Near Gettysburg in Adams County, Pennsylvania — The American Northeast (Mid-Atlantic)
150th Pennsylvania Infantry
2d Regiment Bucktail Brigade
—2d Brigade, 3d Division, 1st Corps —
(2d. Regt. Bucktail Brigade.)
2d. Brig. 3d. Div. 1st. Corps.
July 1 the Regiment held this position from 11:30 a.m. to 3:30 p.m. Present at Gettysburg 397. Killed and mortally wounded 53. Wounded 134. Captured or missing 77.
Recruited in Philadelphia, Crawford, McKean, and Union Counties. Mustered in Aug. - Sept. 1862. Mustered out June 23, 1865.
advanced line facing west, occupied
by the regiment. Repeated changes
of front were made to meet
assaults from the north and west
and the right wing charged to
R.R. cut. In retiring it made
several stands and engaged the
enemy. Evening of the 2d moved
to support the left and held
position on Emmitsburg Road.
Morning of the 2d moved to
left centre and remained until
the close of battle.
Erected 1889 by Commonwealth of Pennsylvania.
Location. 39° 50.212′ N, 77° 15.134′ W. Marker is near Gettysburg, Pennsylvania, in Adams County. Marker is on Stone Avenue 0.1 miles south of Touch for map. Located near McPherson Barn in Gettysburg National Military Park. Marker is in this post office area: Gettysburg PA 17325, United States of America.
Other nearby markers. At least 8 other markers are within walking distance of this marker. Edward McPherson Farm (within shouting distance of this marker); 95th New York Infantry (within shouting distance of this marker); Second Brigade (within shouting distance of this marker); McPherson Barn (about 300 feet away, measured in a direct line); Battery A, Second U.S. Artillery (about 300 feet away); 149th Pennsylvania Infantry (about 300 feet away); Gettysburg Campaign (about 300 feet away); John Burns (about 400 feet away). Touch for a list and map of all markers in Gettysburg.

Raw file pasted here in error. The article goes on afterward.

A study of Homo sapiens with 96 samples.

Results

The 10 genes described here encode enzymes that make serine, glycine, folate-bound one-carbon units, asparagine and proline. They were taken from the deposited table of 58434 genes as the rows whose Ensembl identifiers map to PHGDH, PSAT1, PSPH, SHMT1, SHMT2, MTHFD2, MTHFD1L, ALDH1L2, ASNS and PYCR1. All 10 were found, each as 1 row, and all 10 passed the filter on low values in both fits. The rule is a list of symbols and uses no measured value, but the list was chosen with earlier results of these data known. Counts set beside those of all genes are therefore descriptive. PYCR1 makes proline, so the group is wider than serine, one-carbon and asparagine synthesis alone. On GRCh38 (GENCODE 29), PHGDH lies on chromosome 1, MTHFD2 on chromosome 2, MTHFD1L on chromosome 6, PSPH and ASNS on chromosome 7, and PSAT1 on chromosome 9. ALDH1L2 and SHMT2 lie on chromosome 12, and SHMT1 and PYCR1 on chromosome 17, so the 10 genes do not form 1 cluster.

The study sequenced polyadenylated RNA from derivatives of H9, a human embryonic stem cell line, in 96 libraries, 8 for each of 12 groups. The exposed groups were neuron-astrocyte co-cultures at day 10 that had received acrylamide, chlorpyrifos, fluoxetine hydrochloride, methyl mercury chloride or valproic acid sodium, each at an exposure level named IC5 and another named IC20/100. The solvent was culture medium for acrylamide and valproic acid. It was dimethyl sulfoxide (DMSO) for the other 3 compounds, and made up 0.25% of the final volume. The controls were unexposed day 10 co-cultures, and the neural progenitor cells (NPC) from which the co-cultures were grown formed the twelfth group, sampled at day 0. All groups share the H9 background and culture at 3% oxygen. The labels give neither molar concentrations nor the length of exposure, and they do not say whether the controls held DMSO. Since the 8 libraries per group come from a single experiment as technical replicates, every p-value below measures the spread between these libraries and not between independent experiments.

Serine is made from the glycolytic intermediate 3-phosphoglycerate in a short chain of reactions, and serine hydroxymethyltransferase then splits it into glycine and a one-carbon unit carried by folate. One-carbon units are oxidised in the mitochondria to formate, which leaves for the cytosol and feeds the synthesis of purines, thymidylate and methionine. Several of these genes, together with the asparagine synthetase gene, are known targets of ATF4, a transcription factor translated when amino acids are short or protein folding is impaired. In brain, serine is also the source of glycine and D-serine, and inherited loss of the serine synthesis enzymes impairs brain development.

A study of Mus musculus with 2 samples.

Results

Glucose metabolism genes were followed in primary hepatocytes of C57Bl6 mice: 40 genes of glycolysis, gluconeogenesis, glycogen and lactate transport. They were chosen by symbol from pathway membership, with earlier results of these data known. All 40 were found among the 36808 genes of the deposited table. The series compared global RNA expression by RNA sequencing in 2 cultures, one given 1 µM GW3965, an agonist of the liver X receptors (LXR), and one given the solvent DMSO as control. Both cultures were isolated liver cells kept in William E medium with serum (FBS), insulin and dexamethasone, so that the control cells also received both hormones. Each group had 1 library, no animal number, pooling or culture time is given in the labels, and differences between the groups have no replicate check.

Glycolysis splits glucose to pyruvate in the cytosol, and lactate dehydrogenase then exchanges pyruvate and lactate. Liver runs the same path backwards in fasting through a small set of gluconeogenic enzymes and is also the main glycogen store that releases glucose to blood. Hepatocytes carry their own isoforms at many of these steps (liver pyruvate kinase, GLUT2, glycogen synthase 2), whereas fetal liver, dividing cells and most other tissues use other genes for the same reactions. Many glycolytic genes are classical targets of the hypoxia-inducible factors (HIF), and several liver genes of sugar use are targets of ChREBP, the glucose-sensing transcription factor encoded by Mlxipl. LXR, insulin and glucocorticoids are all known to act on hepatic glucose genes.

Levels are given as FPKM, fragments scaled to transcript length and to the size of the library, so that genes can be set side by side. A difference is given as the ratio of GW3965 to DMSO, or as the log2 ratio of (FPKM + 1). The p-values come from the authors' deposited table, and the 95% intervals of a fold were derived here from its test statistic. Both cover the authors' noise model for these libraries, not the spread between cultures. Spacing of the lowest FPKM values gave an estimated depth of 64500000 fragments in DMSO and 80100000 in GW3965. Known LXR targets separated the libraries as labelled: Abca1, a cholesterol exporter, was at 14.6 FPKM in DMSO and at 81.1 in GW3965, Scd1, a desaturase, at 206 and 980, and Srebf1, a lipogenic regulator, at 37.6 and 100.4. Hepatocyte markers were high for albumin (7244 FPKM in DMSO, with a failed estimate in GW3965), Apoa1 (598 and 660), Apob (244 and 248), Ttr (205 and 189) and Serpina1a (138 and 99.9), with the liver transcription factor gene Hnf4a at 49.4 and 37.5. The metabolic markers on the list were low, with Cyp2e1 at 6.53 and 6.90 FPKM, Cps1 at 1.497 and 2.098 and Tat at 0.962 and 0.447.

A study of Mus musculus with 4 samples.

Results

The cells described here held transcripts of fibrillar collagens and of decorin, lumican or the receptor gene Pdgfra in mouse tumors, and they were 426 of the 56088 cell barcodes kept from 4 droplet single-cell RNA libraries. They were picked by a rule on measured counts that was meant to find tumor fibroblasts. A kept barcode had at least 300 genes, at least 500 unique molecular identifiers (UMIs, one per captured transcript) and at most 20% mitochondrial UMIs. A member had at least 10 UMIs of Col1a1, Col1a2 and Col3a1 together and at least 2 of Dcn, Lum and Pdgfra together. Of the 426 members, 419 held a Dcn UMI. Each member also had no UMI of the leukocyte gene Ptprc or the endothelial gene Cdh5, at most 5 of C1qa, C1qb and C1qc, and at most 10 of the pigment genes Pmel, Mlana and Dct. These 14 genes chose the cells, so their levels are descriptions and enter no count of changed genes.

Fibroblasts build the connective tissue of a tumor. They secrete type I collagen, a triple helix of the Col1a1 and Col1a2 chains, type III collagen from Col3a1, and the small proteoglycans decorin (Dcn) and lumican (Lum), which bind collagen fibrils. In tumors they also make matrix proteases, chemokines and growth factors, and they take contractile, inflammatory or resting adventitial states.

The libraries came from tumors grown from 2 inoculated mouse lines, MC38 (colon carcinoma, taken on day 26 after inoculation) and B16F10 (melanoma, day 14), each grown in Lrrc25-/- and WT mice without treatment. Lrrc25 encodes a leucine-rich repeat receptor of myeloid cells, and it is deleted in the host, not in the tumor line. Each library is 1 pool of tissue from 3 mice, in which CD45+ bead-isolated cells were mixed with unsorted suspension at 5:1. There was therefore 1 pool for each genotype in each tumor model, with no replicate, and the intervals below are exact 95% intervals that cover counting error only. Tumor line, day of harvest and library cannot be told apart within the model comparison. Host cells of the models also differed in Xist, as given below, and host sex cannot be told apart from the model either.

Related markers. Click here for a list of markers that are related to this marker. 150th Pennsylvania Infantry at Gettysburg.
Also see . . .
1. McPherson's Ridge. A National Park Service virtual tour stop. (Submitted on October 12, 2008, by Craig Swain of Leesburg, Virginia.)
2. Report of Col. Langhorne Wister. Col. Wister, commanding the regiment, replaced Col. Stone at the head of the regiment for a short time during the battle, until Wister himself was wounded.
Having first taken position about 12 m., the brigade did not retire until after 3 p.m., when all other troops had left the field, and only left the seminary at about 3.40 o'clock. Taking into consideration that the force opposed to it was more than twice as large, the result is wonderful. The enemy had, to my certain knowledge, six regiments, any one of which contained 500 men, all of which were in full view, opposed entirely to this small brigade. Col. Roy Stono, during the time he was in command, displayed the utmost coolness and skill, and deserves much credit for the position taken up, which had not to be materially changed during the action (until the retreat commenced), and for the movements made upon the field. Col. E. L. Dana conducted the retreat from the barn to Cemetery Hill, and was during that time distinguished for his coolness and judgment. (Submitted on October 12, 2008, by Craig Swain of Leesburg, Virginia.)
3. Wikipedia Link for the 150th Pennsylvania Infantry. Very brief description of the 150th Pennsylvania Infantry along with a photo of the 150th Pennsylvania Infantry maneuvering approximately 3 weeks before the Battle of Chancellorsville, 1863. (Submitted on October 15, 2012, by Randy Livingston of Jefferson, Maryland.)
Categories. • War, US Civil •
Credits. This page was last revised on June 16, 2016. This page originally submitted on October 12, 2008, by Craig Swain of Leesburg, Virginia. This page has been viewed 1,833 times since then and 170 times this year. Photos: 1, 2, 3, 4, 5, 6. submitted on October 12, 2008, by Craig Swain of Leesburg, Virginia.